The Latest in Pediatric Cranial Base Surgery: A Q&A With Dr. Randall Bly
June 5, 2019
What are cranial base diagnoses?
Dr. Randall Bly, principal investigator, Seattle Children’s: These are diagnoses of tumors or other lesions in the middle of the head. The cranial base is also sometimes called the skull base. Diagnoses can include nasal dermoids, orbital tumors, cholesterol granulomas, craniopharyngiomas, schwannomas, paranasal sinus tumors, pituitary adenomas, inverted papillomas, neurofibromas, angiofibromas, glomus tumors, esthesioneuroblastomas and cerebrospinal fluid (CSF) leaks.
Does Seattle Children’s treat children with cranial base diagnoses?
Dr. Bly: Yes. In order to provide the highest-quality care to children with these diagnoses, Seattle Children’s recently created its own Cranial Base Program. It is one of the only pediatric cranial base programs in the nation, and the only one to offer treatment from a multidisciplinary care team. We treat children of all ages who come to us with a wide variety of cranial base diagnoses. In recent months, we’ve seen children with JNA, CSF leak, vascular malformation of the skull base (arteriovenous malformation, venous malformation), benign cysts (cholesterol granuloma, epidermoid cyst), osteoma, malignant lesions (rhabdomyosarcoma) and inverted papillomas.
What is involved in cranial base surgeries at Seattle Children’s?
Dr. Bly: Typically, multiple surgeons work together to carry out the surgical plan. In some cases, that is complete resection, and in others it may be a biopsy. These are minimally invasive procedures that result in less pain and faster recovery time for the patient. Our approach involves a team of experts from Otolaryngology and Neurosurgery that expands as needed to include physicians from Endocrinology, Ophthalmology, Facial Plastics and Reconstruction, Hematology, Oncology, Pediatrics and Interventional Radiology. The team holds a conference prior to surgery to determine the most effective and safest way to treat the patient with the least amount of risk. Each child is different, and a customized treatment plan is made for every one of our patients. Our patients are often cared for after surgery by doctors and nurses in our Pediatric Intensive Care Unit (PICU).
Why is it important for kids to be seen at a cranial base program that’s just for children?
Dr. Bly: Expertise in cranial base surgery from Otolaryngology and Neurosurgery is critical, but the way that care is delivered often differs in pediatric patients. For example, postoperative care may be modified compared to how care is routinely provided in adults so that kids aren’t required to undergo office-based procedures. Instead, a brief anesthetic may be used to make sure the child stays safe and avoids discomfort. Our team works with each patient and family to develop a surgical and postoperative care plan that considers the individual needs of the young patient and their family, based on the diagnosis.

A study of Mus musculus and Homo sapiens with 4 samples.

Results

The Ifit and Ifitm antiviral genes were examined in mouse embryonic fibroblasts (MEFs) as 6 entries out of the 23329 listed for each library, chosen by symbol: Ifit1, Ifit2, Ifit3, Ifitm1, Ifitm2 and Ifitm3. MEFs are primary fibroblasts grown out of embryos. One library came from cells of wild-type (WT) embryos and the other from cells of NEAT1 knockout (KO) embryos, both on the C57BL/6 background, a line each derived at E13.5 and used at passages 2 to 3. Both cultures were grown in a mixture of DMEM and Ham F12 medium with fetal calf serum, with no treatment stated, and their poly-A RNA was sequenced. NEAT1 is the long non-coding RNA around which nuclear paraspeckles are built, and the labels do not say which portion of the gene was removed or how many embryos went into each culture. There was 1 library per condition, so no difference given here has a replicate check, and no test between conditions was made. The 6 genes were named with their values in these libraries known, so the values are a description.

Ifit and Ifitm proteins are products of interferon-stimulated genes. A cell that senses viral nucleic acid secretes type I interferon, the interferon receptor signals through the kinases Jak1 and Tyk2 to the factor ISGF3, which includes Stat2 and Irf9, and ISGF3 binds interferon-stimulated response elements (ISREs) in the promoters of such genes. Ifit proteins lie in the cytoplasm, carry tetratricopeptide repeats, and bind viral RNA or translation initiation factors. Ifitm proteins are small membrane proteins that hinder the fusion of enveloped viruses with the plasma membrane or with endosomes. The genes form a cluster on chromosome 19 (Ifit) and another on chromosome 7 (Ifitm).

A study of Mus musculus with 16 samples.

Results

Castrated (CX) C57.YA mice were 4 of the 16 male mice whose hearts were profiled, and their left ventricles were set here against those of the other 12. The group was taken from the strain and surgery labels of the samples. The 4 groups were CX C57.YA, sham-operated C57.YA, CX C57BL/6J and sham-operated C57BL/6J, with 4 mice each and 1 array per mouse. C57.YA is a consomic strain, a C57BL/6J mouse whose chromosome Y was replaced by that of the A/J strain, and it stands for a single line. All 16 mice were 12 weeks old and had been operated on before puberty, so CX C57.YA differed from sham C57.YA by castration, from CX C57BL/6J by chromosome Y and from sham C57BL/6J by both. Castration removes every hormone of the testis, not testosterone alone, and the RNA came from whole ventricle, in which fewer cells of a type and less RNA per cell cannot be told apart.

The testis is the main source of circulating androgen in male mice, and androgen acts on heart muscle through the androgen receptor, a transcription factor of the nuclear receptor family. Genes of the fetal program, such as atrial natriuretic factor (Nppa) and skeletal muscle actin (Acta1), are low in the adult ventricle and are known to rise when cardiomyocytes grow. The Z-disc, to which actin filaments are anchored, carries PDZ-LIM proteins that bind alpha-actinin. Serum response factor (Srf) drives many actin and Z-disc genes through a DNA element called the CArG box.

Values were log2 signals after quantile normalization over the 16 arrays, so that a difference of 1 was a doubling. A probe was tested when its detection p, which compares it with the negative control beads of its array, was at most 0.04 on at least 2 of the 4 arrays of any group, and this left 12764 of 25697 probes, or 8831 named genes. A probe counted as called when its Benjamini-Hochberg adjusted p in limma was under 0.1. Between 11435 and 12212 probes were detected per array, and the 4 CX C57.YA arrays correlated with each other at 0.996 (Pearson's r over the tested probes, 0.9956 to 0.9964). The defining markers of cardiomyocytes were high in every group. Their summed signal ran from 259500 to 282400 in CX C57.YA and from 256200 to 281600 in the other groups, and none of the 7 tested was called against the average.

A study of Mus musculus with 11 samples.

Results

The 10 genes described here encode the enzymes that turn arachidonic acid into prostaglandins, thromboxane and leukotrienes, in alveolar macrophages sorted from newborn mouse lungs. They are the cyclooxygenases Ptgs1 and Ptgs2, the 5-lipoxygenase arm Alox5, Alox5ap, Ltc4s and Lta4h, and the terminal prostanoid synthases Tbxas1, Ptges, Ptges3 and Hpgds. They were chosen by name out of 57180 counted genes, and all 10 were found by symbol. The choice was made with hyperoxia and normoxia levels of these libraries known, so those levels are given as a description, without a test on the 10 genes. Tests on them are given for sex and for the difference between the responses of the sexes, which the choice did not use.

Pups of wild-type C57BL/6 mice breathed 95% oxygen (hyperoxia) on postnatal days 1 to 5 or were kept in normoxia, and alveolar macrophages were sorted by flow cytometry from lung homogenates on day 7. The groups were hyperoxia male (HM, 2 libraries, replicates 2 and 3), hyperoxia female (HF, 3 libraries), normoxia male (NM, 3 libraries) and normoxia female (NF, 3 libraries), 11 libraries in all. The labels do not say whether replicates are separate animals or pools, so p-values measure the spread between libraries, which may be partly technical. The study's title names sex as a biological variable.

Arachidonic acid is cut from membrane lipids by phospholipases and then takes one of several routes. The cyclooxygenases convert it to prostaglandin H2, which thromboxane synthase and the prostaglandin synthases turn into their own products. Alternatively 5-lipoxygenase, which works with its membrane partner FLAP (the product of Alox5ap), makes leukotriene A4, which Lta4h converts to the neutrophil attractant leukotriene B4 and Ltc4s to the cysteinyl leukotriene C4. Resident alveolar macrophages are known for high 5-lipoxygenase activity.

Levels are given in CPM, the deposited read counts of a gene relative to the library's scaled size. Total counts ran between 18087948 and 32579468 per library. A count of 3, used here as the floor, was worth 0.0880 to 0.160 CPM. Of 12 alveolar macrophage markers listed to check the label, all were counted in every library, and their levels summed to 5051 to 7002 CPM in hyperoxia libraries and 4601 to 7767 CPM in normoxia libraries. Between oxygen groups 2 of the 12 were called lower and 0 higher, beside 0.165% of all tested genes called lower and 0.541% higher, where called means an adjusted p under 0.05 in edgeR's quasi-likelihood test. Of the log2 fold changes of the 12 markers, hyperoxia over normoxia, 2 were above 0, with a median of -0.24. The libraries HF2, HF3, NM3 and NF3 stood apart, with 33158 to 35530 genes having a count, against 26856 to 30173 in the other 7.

What should providers know about recognizing and diagnosing kids with cranial base lesions?
Dr. Bly: Patients may present with a variety of symptoms. Pituitary lesions can present with hormonal imbalance and visual disturbance. Other lesions can present with headache or a mass in the nose or oropharynx. JNA, which is one of the more common cranial base lesions, can present with nasal obstruction and epistaxis.
I’ve heard of JNA but am not sure what it is. What is it, and how does it present?
Dr. Bly: JNA stands for juvenile nasopharyngeal angiofibroma. It’s typically present in male teenagers with epistaxis and a nasal mass. It’s an uncommon but important diagnosis to make, and one we see a lot of at Children’s. Patients are evaluated with imaging and biopsy. Treatment involves a preoperative embolization performed by an interventional radiologist, immediately followed by endoscopic surgical resection.
Have there been significant surgical advancements for cranial base lesions?
Dr. Bly: Yes — this field is changing all the time. Our pediatric specialists use groundbreaking surgery techniques to help us prepare for complex surgeries and provide the best care for patients. Our advanced surgical planning methods may include 3D printing of the patient’s head or using reconstructed planning software to analyze different surgical pathways.
If you are wondering what reconstructed planning software is, the CT and MRI 2D images can be somewhat challenging to interpret, especially for nonsurgeons. We “reconstruct” those images into a 3D view so that certain components are well visualized. In many cases, it allows us to see the lesion or tumor in 3D, as well as adjacent critical structures such as the optic nerve or carotid artery. With a “reconstructed” view, it allows us to show an image to the patient and their family, so they can better make sense of it. When we go one step further and produce an actual physical model (3D printed model), it similarly makes it easy for patients and families to visualize and understand.
What new research is underway?
Dr. Bly: There is a lot going on to help us further improve how we plan and guide surgery to make it safer, more effective and with quicker recovery times for patients. Children’s surgeons, in partnership with the engineers from the University of Washington BioRobotics Lab, are collaborating to develop innovative software that plans, guides and analyzes cranial base surgeries. The tracking software works like a GPS of the patient’s CT scan and assists surgeons on the location of their instruments and endoscope as they work. We’re currently driving the next step of this technology in which the software will send an alert if the tool deviates from the surgical path. Although other groups are working on similar research, ours is unique, in that our surgeons work closely with the engineers. We have previously received funding from the National Institutes of Health (NIH) for this type of work.